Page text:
ATLANTA—The state of the lodging industry was top of mind here at the recent Hunter Hotel Conference, where the mood remained positive about the profitability horizon for at least the next 12 months.
Tackling what some of the challenges and advantages of the current environment hold for the months ahead was a panel of leading executives who brought their opinions to bear on a variety of subjects.
Moderated by Teague Hunter, president of Hunter Hotel Advisors, the panel consisted of Mit Shah, CEO/managing principal, Noble Investment Group; Tyler Morse, CEO/managing partner, MCR Development LLC; and Suril Shah, managing director, Starwood Capital Group.
To set the stage, the executives first took a look back at 2016, which Morse said “was kind of a wasteland from a transactions standpoint,” estimating volume down about 50% from the previous year. “I think declining RevPAR was a factor in that, and frankly, there was just a huge bid/ask spread. Sellers still thought it was 2015 and buyers were watching Wall Street announce 1-2% RevPAR growth, and the line was never crossed,” he added.
Starwood’s Shah agreed 2016 “got started off very poorly. In December 2015 and into January you saw the REITs crumble and I think that put a whole chill on everyone’s thinking, [e.g.] ‘We’re seven years into the cycle. Is this kind of the time people are forecasting actually negative RevPAR growth?’” he said.
Hunter noted industry stats showed transaction volume off some 40% in 2016. “I like to blame that,” he said.
With some $2 billion of assets under management, Noble Investment’s Shah indicated it’s difficult to see what’s on the horizon “when there’s not clarity about what’s going on in the market,” something he felt there’s even less of currently.
“In the public markets, if you look at all the RevPAR forecasts from the public companies who are forced to forecast, it’s all deemed as very, very conservative. Of course it is because no one wants to end up with the same situation as they went through last year, where they’re getting dinged quarter over quarter,” he observed.
With about $10 billion in hotel assets in the United States, Starwood Capital Group’s underwriting “looks different today than before,” said its managing director, suggesting, “There has to be a very clear story” to hedge against a recession. “You can ask: ‘When’s a recession coming? When’s the cycle going to end?’ If you don’t know, you can say it’s coming in two years, three years—whatever your number is. But you can’t invest that way. You can’t just assume a recession is going to come in two years because then you wouldn’t buy anything; you’d wait two years. You can’t run a business that way.”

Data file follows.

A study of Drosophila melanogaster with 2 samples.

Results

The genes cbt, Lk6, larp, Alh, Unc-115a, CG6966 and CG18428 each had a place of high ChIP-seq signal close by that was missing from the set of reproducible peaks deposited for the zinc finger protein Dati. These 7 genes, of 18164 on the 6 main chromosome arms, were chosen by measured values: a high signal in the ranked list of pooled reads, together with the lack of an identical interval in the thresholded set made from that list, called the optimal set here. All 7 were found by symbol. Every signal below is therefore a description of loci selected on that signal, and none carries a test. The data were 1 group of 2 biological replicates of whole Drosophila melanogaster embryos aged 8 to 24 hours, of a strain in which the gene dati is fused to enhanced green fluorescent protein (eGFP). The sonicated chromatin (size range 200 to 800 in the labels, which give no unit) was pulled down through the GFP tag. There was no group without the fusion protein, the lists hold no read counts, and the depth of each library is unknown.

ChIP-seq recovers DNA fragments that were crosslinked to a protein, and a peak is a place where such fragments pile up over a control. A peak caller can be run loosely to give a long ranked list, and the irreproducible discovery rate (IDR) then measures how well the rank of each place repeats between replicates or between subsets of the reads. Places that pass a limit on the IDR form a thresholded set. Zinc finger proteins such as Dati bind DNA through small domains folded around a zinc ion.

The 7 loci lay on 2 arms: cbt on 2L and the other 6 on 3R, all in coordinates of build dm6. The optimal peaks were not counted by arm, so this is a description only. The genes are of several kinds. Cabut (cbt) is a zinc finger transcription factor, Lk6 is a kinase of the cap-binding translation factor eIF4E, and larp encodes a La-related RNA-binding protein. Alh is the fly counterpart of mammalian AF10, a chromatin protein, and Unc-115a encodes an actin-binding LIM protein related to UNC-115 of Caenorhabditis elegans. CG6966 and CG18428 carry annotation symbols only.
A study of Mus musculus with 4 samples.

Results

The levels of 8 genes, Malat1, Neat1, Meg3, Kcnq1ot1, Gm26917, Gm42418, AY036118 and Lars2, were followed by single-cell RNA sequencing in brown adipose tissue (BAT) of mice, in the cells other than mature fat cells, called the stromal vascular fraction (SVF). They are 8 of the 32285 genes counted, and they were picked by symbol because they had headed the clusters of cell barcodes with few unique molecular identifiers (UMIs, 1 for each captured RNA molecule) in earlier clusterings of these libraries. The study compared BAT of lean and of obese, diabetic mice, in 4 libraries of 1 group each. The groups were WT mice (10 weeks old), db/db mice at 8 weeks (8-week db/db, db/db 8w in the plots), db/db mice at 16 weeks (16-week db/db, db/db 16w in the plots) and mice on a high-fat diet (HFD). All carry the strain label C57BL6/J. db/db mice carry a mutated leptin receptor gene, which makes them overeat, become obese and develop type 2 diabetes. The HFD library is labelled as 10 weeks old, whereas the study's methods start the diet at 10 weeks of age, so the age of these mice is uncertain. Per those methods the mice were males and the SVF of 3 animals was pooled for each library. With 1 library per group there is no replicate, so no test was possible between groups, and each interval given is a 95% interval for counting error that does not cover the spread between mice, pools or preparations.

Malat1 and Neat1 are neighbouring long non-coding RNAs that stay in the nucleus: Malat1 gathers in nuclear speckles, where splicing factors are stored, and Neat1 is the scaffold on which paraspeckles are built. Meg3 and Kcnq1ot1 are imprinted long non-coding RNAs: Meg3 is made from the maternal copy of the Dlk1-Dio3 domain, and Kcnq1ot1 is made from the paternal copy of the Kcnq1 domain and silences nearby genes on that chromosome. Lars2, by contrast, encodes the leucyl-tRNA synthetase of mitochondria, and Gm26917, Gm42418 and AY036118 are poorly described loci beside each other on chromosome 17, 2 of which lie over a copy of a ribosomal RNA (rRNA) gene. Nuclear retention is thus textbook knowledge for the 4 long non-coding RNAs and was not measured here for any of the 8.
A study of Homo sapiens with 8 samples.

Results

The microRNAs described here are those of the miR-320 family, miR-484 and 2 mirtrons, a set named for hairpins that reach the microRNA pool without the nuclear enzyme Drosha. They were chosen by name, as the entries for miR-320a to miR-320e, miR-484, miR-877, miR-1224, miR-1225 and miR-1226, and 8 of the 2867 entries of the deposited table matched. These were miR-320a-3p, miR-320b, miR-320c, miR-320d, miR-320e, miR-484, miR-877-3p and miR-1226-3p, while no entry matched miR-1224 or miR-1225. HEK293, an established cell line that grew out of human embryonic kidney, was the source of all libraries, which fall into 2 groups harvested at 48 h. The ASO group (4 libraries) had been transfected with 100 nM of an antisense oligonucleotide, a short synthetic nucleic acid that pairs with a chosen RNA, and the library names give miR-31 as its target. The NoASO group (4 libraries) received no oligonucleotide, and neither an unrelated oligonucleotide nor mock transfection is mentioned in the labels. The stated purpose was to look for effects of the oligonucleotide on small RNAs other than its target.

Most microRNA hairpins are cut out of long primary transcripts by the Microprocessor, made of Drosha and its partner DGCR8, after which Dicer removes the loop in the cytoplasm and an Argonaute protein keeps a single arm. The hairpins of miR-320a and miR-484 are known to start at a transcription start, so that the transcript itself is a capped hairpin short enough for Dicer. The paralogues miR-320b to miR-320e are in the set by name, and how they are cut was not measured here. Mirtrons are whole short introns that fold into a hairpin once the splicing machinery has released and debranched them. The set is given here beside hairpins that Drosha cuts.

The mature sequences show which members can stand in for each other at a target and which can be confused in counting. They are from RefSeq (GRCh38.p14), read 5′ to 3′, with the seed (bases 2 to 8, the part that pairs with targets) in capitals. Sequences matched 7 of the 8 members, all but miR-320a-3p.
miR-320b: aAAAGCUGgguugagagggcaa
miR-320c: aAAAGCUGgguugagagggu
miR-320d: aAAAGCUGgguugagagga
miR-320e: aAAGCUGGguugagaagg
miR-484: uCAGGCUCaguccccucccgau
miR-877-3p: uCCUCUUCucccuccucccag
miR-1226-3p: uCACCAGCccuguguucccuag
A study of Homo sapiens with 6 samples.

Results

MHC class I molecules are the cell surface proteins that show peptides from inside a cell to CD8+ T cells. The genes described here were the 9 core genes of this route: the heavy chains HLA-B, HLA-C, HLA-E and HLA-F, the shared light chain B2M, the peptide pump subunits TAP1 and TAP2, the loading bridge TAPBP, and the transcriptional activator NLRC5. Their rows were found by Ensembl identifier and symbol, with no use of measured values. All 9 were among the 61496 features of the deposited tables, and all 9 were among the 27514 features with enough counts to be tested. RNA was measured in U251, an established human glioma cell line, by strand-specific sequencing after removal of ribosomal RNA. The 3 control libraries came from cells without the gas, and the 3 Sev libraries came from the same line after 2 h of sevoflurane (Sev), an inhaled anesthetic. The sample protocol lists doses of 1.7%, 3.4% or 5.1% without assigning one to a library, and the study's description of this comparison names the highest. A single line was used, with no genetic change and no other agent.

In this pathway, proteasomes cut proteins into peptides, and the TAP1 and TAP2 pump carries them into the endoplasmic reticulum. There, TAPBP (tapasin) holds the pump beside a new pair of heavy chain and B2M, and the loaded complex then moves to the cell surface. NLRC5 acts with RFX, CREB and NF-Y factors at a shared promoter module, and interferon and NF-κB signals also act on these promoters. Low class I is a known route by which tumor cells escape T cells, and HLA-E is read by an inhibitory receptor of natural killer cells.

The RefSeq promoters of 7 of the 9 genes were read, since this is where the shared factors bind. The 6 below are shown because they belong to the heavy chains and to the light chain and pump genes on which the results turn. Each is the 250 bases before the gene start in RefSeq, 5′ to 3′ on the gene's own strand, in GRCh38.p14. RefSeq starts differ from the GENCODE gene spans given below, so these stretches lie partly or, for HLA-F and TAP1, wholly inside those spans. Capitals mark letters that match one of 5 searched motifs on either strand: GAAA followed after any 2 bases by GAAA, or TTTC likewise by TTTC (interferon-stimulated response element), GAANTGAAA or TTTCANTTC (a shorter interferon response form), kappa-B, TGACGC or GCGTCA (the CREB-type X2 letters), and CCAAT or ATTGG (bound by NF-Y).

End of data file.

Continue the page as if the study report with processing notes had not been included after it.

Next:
Morse, whose MCR development has a roughly $2-billion portfolio of 90 hotels in 23 states, focused on the positives. “The macro trend [around being]recession proof is more people are traveling every day in 2017 than they have in years. The macro statistics support that in terms of air travel and just pre-conceived travel. I ascribe most of that to the discount carriers, and each year, another ultra-low-cost carrier pops up. There are all those carriers that are flying people around for 39 bucks. Granted, you get no services and your knees are on your chin; it’s a horrible experience. But for 39 bucks, what do you want? You can go to Florida and stay at a SpringHill Suites for 89 bucks and that’s a terrific vacation. I think the select-service hotel, which the three of us participate in quite heavily, is the way to play the recession,” he said. “If a recession does come in two to three years, our cash flows are going to be more stable than the cash flow of [a much larger room count]building.”
Noble’s Shah indicated from a risk-adjusted standpoint, “You could stand a 10% decrease in RevPAR in select-service and still be at a better yield relative to all the other property types.”
Starwood’s Shah noted his firm showed the value of a select-service portfolio with the recent move by China Life Insurance Co. Ltd., China’s largest life insurance company, which invested with SCG in approximately $2 billion of select-service hotels in the United States.
(China Life is the lead investor for the portfolio in tandem with a group of sovereign wealth funds and other investors. The portfolio, with locations in 40 states, has 280 branded select-service hotels.)
“In speaking to our Asian partners, they found what a lot of us have known for a long time: If you want stable cash flow in the United States…you can certainly get a lot of safety buying the ‘jewels’ or ‘trophies’ in New York City, but if you want stable cash flow you get into select-service hotels… It’s amazing to see how select-service has grown over the past decade,” he said, adding Starwood Capital Group stayed on as the asset manager.
Noble’s Shah maintained in the current environment performance remains a market-by-market exercise. “There’s markets that are showing double-digit RevPAR increases and markets that are showing double-digit decreases and I’m not talking about the top five MSA… Competitive wage inflation is real… We’re still very, very positive on overall RevPAR for the industry for this year,” he said, noting construction costs, CMBS loans coming due and other factors will help color the industry picture in the months ahead.